Stabenow, Peters oppose Trump's high court nominee Kavanaugh
LANSING, Mich. (AP) — Democratic U.S. Sens. Debbie Stabenow and Gary Peters of Michigan announced Friday their opposition to President Donald Trump's Supreme Court nominee, saying Brett Kavanaugh's judicial record clearly shows that he would limit access to health care and curtail environmental protections.
Stabenow, who is up for re-election to a fourth term, issued a statement expressing "deep concern" that Kavanaugh — a federal appellate judge — "believes the president is above the law." It was a reference to his 2011 dissent in a case challenging the U.S. health care law in which Kavanaugh suggested that a president could decline to enforce a statute regulating private individuals if the president deems it unconstitutional, even if a court determines it to be constitutional.
"Our founders created our democracy with three branches of government, not one. They created checks and balances so that it would be clear that no one is above the law," Stabenow said, adding that "it is in the best interests of the people of Michigan for me to oppose the nomination" of Kavanagh.
The two Republicans running to face her in November, John James and Sandy Pensler, have backed Trump's pick.
James said Stabenow's stance was not a surprise.
"Judge Kavanaugh is widely respected among his peers in the legal community, and Sen. Stabenow's divisive language is yet another example of putting the interests of her party bosses and liberal donors over the interests of Michiganders, who voted for President Trump," he said in a statement.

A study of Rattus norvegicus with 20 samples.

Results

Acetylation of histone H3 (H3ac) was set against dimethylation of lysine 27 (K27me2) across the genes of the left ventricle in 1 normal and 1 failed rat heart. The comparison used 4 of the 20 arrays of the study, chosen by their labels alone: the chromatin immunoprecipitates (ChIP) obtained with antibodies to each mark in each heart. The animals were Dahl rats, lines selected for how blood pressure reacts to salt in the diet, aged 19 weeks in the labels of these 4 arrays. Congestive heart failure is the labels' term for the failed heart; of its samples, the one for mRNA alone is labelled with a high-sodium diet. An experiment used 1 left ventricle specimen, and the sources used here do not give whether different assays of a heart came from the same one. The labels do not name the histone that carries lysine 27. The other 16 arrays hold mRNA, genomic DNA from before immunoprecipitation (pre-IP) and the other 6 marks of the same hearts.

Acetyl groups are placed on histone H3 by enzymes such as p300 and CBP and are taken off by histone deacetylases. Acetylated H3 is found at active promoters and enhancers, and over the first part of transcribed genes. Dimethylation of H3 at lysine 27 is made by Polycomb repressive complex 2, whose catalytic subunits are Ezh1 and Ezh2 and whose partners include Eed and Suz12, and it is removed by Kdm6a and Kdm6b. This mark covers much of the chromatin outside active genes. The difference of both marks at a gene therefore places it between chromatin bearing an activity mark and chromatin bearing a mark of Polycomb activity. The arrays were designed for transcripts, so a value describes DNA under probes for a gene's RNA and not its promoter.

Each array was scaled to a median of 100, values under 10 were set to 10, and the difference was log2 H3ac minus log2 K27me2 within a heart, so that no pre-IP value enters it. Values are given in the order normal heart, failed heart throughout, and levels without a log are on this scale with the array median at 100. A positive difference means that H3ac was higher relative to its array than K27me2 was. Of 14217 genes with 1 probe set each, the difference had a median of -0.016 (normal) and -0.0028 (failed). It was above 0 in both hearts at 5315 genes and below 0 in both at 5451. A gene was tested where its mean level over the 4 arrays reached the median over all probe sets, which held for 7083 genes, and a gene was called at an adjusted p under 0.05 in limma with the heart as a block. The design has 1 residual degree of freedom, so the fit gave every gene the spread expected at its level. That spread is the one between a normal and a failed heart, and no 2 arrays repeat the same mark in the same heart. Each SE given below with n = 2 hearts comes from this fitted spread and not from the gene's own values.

Pensler accused Stabenow of "double talk."
"Judge Kavanaugh will make a great justice who allows the people rather than judges to determine law," he said in a statement.
Stabenow and Peters, a freshman senator, also opposed Trump's last nominee for the high court, Neil Gorsuch.
They expressed concerns that Kavanaugh would favor wealthy "special interests" over people, curtail environmental regulations, roll back women's access to health care and make it harder to obtain affordable health insurance, especially for those with pre-existing medical conditions. Peters also said Kavanagh favored striking down net neutrality rules and the structure of the Consumer Financial Protection Bureau, which was established in 2010 to protect Americans against abusive financial products and services.
"I'm deeply troubled by his efforts to undermine workers' rights and the Consumer Financial Protection Bureau, which will only further stack the deck against hardworking middle-class families who are struggling to make ends meet," Peters said in a statement.
Republicans, who have a 51-49 edge in the Senate, want to have Kavanaugh confirmed by the start of the court's session in October and before the midterm election.